Element Freediving Products Now Carry ScubaPro Brand, Logo

Element Freediving Products Now Carry ScubaPro Brand, Logo
Element Freediving Products Now Carry ScubaPro Brand, Logo

Niklas Stoss at this week’s DEMA Show 2015 in Orlando was representing the new Element freediving products which now carry the ScubaPro brand and logo as well as Trygons.

The foot pockets on the Element fins have been redesigned. The material over the top of the foot is thicker and stronger than it was before, and the tension straps that used to wrap around the foot pocket have been eliminated, resulting in a cleaner-looking arrangement for the fin. However, the foot pockets’ basic geometry and look are very similar to what was on display last year.

New for this year is the S3 bi-fin with a plastic fin blade at a very reasonable retail price of only US$113. They still have the S2 fin blade with 50-percent carbon, 50-percent fiberglass construction and the S1 fin blade with 99-percent carbon, 1-percent fiberglass construction.

The S2 and S1 bi-fins with the new foot pockets retail at US$318 and US$618 respectively.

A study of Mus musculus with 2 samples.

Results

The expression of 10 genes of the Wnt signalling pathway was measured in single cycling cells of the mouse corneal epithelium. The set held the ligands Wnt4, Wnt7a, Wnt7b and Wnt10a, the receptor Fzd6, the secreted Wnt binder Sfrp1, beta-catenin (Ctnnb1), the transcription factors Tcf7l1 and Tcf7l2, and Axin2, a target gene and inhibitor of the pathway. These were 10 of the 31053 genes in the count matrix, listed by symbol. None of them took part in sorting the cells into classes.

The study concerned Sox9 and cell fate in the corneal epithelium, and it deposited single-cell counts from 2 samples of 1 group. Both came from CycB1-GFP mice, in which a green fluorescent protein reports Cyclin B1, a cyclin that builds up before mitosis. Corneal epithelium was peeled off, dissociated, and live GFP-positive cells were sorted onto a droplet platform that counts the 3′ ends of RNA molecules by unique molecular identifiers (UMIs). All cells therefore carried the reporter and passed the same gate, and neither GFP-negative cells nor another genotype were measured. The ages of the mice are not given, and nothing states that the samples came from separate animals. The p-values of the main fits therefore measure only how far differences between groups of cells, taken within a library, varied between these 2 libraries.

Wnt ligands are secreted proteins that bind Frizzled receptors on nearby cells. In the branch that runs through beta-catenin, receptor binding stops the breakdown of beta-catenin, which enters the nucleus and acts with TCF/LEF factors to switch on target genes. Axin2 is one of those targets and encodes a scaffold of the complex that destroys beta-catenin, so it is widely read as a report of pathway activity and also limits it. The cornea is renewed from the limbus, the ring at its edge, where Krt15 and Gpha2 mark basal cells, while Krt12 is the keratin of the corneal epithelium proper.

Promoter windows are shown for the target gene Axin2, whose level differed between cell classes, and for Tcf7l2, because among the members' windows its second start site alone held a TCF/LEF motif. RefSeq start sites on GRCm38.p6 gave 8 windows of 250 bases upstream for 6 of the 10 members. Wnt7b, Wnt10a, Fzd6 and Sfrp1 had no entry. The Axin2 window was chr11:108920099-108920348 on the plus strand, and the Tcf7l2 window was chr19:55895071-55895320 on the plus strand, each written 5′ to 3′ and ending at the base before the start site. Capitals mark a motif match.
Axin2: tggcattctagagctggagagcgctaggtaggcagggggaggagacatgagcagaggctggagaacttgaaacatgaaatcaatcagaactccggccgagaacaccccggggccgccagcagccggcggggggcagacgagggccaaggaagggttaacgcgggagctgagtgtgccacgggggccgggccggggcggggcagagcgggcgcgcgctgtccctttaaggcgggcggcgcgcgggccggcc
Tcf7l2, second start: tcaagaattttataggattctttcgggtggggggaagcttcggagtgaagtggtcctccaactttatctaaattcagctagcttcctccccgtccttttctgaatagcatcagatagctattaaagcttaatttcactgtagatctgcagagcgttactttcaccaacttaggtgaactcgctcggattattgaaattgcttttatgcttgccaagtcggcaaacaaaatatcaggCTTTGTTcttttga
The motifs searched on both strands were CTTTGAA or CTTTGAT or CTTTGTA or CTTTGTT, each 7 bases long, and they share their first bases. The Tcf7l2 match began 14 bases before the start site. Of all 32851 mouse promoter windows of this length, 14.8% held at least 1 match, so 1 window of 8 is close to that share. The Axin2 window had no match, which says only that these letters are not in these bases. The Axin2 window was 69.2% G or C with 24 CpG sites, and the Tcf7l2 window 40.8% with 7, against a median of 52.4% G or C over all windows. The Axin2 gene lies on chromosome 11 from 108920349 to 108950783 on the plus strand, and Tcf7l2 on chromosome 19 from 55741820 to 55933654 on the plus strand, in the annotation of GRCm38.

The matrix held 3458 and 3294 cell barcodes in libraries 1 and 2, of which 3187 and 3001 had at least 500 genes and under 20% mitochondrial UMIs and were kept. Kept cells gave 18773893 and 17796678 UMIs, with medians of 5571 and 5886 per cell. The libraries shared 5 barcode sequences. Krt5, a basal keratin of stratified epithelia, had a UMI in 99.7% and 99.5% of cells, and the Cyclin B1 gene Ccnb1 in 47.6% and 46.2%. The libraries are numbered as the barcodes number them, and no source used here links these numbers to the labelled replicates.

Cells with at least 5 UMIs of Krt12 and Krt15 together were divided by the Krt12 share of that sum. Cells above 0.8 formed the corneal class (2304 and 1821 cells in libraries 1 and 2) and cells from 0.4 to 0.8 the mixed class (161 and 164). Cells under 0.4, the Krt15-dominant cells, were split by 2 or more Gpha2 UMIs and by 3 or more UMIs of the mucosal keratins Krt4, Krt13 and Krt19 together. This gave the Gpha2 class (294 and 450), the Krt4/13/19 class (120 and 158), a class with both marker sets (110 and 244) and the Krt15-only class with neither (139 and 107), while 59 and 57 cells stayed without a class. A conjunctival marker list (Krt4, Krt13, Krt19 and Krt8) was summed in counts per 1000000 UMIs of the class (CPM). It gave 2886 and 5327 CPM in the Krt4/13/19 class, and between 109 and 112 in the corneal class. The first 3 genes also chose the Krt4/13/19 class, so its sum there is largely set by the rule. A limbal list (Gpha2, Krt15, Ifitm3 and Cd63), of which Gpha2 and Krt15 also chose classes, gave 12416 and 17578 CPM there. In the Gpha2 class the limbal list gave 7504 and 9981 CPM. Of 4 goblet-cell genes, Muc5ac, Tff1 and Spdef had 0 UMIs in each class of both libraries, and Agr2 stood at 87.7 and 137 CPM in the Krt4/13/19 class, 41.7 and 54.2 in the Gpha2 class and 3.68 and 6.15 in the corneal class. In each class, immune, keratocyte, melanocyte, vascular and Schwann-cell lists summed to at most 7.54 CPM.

The S1 fin blade is a stiffer fin than the S2, and the Element finblades are not removeable.

Stoss pointed out that they can make a better, stronger and lighter fin if the fin is integral to the foot pocket and not made to be removeable. From the looks of it, these fins probably have the cleanest hydrodynamics of any foot pocket/finblade configuration to date.

Also on display was the M1 monofin with new foot pockets and a 50-percent carbon, 50-percent fiberglass fin blade. The M1 is available in Europe for 309 Euros, but is only available in the United States as a special order item. — By Ron Smith

John Liang

John Liang is the News Editor at DeeperBlue.com. He first got the diving bug while in High School in Cairo, Egypt, where he earned his PADI Open Water Diver certification in the Red Sea off the Sinai Peninsula. Since then, John has dived in a volcanic lake in Guatemala, among white-tipped sharks off the Pacific Coast of Costa Rica, and other places including a pool in Las Vegas helping to break the world record for the largest underwater press conference.